The Ministry of Education and Research proposes that the government deny Euroacademy the right to conduct studies because national surveillance data points towards severe long-term problems in conducting studies, managing the higher education institution and sustainability. Euroacademy cannot admit any new students.
Deputy Secretary General of the ministry Indrek Reimand agreed that studies at Euroacademy do not meet the requirements set for higher education institutions and that there are no signs of improvement. "If an institution cannot guarantee high quality studies, then the justified expectations of students, employers and all other interested parties are not met and we cannot allow this," he explained.
Euroacademy's right to conduct studies is to be repealed on 31 August 2020. During the next academic year, most current students will be able to graduate.
There are currently 280 students at the school, 46 of them first-year students. In cooperation with the ministry, Euroacademy will find a way for those first-years who are not set to complete their studies within the next academic year to continue at another higher education institution or to study at an elevated pace to graduate within the set period.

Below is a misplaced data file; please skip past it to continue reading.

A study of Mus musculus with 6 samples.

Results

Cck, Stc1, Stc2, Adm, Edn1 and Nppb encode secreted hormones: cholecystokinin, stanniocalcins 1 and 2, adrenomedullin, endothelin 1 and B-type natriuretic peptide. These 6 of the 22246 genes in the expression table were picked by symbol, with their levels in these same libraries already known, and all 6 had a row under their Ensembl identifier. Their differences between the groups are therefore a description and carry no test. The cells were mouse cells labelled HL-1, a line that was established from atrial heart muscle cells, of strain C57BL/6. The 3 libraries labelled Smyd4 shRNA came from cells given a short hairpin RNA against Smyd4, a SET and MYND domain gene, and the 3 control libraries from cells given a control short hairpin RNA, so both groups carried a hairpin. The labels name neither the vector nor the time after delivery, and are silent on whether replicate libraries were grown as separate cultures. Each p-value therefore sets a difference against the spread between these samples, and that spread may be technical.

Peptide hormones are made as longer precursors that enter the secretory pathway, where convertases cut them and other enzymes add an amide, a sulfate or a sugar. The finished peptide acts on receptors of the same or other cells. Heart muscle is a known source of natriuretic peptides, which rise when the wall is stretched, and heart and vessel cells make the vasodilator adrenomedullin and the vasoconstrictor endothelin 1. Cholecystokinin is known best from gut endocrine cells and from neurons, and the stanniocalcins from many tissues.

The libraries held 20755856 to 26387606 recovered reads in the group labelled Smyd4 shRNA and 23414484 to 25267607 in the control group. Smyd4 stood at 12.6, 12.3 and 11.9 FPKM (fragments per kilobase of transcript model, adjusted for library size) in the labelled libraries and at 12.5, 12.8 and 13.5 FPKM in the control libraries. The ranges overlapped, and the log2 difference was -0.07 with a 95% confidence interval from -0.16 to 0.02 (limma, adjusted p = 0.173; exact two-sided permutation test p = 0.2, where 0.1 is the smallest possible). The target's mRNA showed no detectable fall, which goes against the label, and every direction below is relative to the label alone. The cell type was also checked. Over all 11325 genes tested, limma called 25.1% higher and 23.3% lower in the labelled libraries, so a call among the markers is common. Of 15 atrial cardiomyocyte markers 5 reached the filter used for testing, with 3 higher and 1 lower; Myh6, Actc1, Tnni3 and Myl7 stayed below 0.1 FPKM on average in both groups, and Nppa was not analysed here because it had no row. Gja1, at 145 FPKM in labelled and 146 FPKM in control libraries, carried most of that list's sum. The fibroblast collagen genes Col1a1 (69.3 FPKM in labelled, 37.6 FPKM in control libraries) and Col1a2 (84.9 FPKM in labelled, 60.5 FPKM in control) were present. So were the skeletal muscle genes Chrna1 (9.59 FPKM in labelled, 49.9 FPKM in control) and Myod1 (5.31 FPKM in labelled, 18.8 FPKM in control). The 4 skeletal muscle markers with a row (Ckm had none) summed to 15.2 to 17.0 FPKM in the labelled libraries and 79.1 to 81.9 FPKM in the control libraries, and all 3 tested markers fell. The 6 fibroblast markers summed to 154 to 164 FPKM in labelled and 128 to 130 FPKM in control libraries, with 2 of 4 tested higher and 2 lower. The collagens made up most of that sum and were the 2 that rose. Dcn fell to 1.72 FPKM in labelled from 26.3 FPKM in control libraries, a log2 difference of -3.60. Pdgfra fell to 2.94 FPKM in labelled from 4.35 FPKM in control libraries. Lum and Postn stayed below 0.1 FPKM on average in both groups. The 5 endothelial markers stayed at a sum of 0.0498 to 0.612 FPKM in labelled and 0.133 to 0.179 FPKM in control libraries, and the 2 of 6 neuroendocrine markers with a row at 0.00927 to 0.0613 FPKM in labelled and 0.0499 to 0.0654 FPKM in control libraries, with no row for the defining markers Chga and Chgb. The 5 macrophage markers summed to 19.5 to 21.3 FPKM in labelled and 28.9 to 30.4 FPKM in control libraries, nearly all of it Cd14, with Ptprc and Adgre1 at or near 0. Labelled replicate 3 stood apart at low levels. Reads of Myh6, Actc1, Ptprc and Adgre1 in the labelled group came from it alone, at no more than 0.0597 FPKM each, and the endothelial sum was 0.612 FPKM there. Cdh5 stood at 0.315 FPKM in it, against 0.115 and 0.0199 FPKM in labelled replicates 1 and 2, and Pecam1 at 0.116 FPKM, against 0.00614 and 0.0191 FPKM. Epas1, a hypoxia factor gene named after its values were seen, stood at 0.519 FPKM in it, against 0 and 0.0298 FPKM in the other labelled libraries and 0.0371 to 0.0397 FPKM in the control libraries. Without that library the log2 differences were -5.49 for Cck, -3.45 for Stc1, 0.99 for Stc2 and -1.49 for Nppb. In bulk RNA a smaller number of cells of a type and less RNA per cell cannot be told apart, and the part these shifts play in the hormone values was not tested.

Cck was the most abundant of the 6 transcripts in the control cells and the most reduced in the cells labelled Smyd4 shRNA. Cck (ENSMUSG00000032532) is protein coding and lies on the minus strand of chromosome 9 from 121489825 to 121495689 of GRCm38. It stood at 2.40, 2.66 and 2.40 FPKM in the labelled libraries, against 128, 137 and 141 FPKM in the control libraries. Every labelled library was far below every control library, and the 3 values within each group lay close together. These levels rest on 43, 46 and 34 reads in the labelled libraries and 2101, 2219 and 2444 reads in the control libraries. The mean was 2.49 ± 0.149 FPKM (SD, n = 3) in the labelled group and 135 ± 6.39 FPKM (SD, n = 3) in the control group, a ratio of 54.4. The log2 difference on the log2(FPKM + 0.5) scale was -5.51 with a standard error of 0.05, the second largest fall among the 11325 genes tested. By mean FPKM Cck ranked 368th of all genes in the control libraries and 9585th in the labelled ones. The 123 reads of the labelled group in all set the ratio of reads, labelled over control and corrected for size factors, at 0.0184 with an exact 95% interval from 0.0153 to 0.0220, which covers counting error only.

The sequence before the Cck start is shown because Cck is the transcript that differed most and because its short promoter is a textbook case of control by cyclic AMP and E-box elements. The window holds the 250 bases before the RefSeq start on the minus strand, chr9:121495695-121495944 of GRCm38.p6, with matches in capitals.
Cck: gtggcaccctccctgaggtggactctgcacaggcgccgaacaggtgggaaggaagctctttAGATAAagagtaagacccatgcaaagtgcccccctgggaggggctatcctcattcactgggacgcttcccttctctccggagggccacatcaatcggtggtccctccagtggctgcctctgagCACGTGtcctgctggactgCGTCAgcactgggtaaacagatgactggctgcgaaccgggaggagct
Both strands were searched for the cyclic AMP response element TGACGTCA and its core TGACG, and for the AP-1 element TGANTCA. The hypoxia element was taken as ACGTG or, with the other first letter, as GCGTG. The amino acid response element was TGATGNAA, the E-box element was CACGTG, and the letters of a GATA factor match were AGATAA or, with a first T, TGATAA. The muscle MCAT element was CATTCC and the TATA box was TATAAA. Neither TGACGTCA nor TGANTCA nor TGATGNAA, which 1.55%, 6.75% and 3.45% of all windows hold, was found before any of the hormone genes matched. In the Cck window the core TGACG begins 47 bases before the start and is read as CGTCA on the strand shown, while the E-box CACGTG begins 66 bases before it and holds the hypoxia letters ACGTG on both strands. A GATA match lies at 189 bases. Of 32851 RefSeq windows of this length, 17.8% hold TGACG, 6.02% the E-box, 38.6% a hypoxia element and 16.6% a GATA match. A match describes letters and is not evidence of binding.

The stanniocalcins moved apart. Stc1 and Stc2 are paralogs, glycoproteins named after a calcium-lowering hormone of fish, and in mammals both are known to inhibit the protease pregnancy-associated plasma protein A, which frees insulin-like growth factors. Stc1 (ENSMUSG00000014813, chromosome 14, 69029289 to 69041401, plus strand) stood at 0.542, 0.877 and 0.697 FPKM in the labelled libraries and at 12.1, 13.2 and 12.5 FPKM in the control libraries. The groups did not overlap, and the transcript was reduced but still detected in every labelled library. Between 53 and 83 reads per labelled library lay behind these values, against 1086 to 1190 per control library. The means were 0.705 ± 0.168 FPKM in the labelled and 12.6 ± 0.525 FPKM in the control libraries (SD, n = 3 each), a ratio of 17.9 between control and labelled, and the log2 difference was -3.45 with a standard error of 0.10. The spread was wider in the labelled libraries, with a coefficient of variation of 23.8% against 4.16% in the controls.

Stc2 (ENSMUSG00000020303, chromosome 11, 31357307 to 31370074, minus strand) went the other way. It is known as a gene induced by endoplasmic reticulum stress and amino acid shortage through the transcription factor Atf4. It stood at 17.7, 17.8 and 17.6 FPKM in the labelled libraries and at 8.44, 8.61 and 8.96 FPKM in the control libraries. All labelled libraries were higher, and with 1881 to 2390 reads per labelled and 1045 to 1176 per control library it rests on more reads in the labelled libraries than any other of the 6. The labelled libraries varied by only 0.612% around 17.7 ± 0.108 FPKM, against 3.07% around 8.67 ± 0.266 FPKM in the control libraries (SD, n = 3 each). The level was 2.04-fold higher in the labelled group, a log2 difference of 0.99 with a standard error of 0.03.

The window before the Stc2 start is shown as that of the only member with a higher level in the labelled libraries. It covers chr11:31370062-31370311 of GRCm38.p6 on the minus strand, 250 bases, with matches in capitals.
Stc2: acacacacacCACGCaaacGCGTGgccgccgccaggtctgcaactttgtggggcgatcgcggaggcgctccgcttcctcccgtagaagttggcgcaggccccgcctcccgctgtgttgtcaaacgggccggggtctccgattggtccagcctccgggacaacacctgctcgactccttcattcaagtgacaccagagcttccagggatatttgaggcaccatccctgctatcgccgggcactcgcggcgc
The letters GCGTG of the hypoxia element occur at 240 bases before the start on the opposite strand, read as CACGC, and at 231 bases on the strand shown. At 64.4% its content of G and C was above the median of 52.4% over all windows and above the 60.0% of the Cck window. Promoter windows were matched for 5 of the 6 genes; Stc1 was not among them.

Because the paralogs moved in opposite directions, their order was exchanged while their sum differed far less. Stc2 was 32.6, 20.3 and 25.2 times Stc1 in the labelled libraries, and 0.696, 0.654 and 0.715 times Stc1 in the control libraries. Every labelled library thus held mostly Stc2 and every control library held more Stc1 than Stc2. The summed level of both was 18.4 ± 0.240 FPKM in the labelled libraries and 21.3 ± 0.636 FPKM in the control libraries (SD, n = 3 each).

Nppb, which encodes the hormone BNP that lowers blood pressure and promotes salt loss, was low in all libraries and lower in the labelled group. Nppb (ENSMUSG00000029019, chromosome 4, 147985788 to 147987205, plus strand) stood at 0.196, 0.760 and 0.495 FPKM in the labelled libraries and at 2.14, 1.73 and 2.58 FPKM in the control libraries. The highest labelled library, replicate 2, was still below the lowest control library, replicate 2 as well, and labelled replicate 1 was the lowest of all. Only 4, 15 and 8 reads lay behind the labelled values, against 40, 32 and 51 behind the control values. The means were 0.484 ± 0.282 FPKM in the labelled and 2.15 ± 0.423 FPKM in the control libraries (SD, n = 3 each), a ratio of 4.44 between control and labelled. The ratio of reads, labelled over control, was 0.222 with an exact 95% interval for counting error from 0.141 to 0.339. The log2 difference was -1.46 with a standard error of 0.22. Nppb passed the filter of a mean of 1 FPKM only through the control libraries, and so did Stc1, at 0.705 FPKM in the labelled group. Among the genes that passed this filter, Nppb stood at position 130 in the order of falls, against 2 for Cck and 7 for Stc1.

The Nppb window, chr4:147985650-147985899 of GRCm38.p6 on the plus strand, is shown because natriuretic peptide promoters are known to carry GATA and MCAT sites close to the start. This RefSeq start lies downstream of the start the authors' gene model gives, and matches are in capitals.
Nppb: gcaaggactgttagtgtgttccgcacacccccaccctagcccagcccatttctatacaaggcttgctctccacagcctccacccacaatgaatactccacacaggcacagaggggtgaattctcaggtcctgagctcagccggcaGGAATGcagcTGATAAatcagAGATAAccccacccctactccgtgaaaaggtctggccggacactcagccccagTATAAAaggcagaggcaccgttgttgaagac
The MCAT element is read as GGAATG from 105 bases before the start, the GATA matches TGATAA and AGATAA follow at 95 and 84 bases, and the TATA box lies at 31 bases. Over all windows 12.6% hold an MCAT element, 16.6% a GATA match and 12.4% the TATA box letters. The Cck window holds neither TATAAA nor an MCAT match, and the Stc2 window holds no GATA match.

- Last August, the higher education assessment committee of the Estonian Quality Agency for Higher and Vocational Education decided against accrediting Euroacademy.
- Last September, the Ministry of Education and Research initiated national surveillance to get further proof and data to decide if the institution should be given a two-year deadline for its next institutional assessment or whether it should be denied the right to conduct studies.
- The Police and Boarder Guard Board has also directed attention towards problems at Euroacademy, ruling it unreliable for the second time in December 2018. Due to this, Euroacademy could not admit foreign students from third countries.
- The Language Inspectorate conducted a language assessment at the school and advised six people to take the language exam. Overall, the employees' Estonian language skills were judged as poor.